HCI3 Update from the Field – Newtown, CT
A number of papers in this week's NEJM remind us of our challenges and opportunities – and do so in an adult and constructive dialogue that is quite refreshing given the imbecility currently reigning over the debt ceiling discussions. Mike Chernew and Katherine Baicker remind us that even in the best of circumstances, the growth in Medicare spending will have to require some increase in allocation of general revenues (and therefore trigger some tax increases), or benefits will have to be cut significantly. Robert Blendon and John Benson illustrate how tremendously difficult reducing benefits in Medicare can be because of the sway that older voters have in general elections. And that sway will increase as the Baby Boomers continue to swell the rolls of the over 65. Ultimately, it's about trade-offs – shifting the financial risk to future Medicare beneficiaries, providers, or, more likely, both in reasonable amounts. Anyone with half a brain gets this, except, seemingly, anyone currently serving in Congress. Balancing risk and reward is the topic of a paper written by Meredith Rosenthal, David Cutler and Judy Feder. In it they show how the two-sided risk model in the proposed ACO regs can be improved by making the upside more appealing. It's an important insight in understanding risk corridors and how they can affect decision-making.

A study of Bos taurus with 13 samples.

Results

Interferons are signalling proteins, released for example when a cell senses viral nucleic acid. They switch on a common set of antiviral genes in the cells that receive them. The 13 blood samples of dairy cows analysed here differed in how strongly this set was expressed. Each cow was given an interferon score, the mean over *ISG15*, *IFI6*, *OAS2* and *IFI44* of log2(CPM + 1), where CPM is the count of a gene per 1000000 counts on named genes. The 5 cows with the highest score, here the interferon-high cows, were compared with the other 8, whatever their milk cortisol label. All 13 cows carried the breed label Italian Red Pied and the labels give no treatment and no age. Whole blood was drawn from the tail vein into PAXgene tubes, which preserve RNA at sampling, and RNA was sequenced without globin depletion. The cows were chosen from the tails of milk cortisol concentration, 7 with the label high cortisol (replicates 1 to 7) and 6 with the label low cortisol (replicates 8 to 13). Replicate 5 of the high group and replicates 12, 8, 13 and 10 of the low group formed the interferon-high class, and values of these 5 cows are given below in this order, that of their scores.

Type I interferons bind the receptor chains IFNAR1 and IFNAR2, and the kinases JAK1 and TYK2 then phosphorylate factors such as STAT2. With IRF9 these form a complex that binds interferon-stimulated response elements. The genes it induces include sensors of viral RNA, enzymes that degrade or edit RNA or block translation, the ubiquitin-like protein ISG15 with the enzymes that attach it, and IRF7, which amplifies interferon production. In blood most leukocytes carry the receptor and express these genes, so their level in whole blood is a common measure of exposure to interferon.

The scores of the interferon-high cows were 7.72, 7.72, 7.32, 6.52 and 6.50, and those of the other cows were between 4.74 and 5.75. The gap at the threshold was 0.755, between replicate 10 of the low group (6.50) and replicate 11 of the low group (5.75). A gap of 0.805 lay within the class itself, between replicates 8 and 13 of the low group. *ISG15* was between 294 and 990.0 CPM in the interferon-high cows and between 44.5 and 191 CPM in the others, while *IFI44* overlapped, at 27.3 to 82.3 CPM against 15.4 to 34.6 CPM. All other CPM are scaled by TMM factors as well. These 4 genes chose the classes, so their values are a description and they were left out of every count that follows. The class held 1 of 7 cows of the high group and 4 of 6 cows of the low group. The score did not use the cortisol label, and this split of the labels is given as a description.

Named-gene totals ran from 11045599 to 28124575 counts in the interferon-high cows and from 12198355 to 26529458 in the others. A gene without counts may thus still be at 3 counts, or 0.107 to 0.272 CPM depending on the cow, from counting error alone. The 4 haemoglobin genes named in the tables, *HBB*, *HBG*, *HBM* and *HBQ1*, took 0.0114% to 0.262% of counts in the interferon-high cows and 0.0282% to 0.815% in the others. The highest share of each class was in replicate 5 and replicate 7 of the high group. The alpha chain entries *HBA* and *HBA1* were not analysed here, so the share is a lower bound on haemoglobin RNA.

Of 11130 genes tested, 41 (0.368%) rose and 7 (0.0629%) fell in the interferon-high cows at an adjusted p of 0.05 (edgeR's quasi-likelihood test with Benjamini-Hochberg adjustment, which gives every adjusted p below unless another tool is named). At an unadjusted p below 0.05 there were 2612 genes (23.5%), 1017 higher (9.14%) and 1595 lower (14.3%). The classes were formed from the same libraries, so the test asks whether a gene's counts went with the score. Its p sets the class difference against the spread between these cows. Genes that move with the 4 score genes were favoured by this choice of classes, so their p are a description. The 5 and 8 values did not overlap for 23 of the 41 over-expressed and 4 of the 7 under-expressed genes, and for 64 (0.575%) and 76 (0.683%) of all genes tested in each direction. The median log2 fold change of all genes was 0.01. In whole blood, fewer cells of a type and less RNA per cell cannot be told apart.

What this means to you – First, if you had any doubt about the importance of the IPAB, Congress' current display of ineptitude should dispel it. If we can't count on these folks to reach some reasonable compromise to avoid debt default, can we truly count on them to make the balanced decisions on cost-sharing? Second, while Chernew and Baicker are skeptical that the shifts in incentives contained in the ACA can help stall the inexorable growth of Medicare spending, we owe it to our children and grandchildren to lay aside all of our self-interests for the common good, and push as hard and fast as we can to move away from fee-for-service. Because if we don't do it, no one will.
Francois de Brantes
Health Care Incentives Improvement Institute, Inc.